Just exactly how an American pianist of such enormous distinction as David Lively, who performed last night at the Kennedy Center's Terrace Theater, can be well known in Europe but a virtual stranger in his own country is a mystery -- and a perplexing one.

A resident of Paris, he was spotted there by pianist Eugene Istomin. Last night, Istomin joined Lively in a two-piano encore that inaugurated a new $39,000 Steinway given to the center by Bell Atlantic. Istomin said earlier he doubts that Lively has given more than "two or three" full-fledged recitals in his native land.

He is so impressive a pianist that one hardly knows where to start.

The most obvious thing is to focus on his enormous physical power and precision, shown most spectacularly in the furious pyrotechnics of Stravinsky's piano transcription of three movements from "Petrushka," with sensationally played bass runs in the "Danse russe" and marvelously clean rhythms and huge sonorites in "La Semaine grasse." The regular piano in the Terrace Theater has the kind of quick, clear action that will do justice to a technique as fine as Lively's.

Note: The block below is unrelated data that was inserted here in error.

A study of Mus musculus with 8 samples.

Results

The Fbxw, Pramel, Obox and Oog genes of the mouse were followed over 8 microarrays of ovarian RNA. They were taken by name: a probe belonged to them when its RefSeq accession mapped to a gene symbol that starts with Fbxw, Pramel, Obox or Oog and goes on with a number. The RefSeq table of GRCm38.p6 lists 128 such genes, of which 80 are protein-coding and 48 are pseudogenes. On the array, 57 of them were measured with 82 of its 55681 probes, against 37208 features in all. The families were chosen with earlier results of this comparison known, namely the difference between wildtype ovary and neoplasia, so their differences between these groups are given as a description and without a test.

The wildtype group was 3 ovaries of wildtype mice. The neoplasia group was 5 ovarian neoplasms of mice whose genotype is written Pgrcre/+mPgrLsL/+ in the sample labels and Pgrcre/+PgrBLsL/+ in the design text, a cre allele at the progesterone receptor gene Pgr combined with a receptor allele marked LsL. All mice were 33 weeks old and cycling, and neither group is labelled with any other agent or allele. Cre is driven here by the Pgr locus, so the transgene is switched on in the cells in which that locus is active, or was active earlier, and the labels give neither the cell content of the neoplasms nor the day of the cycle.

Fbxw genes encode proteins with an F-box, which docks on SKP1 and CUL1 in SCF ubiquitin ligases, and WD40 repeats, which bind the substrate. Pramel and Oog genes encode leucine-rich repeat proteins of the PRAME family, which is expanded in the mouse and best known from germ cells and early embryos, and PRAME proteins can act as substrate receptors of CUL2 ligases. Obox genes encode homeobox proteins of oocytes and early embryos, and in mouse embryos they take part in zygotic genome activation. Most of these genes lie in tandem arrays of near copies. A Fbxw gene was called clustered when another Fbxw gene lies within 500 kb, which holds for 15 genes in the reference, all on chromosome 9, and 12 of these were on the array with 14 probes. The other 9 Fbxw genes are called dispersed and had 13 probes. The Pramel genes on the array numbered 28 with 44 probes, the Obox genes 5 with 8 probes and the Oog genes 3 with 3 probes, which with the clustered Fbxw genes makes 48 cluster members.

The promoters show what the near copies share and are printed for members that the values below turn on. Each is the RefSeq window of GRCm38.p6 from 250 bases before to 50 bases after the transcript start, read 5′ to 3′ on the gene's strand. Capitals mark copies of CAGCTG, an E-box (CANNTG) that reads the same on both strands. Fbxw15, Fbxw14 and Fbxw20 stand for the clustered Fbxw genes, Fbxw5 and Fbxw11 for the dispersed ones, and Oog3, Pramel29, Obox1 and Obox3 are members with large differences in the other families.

But arguably the loveliest moment of the evening was the one that challenged Lively's digital dexterity the least, an encore performance of the great Gershwin blues Prelude, played simply rapturously -- with superbly judged bending of the lines and exceptional tonal and dynamic control.

There was also a beautifully quiet "Clair de lune" in Debussy's "Suite bergamasque." For years overplayed, "Clair de lune" then sort of fell out of the concert repertory, and it was a pleasure to hear it again.

Schumann's "Novelettes," Op. 21, were splendidly fluent, with a clear command of the dense complex Schumann piano textures. And the Third Beethoven Sonata in C major, Op. 2, was admirably forthright.

For a second delightful encore, the new piano was rolled on stage, with Lively playing the treble of Schubert's "Marches militaires" on it while Istomin handled the bass on the other instrument.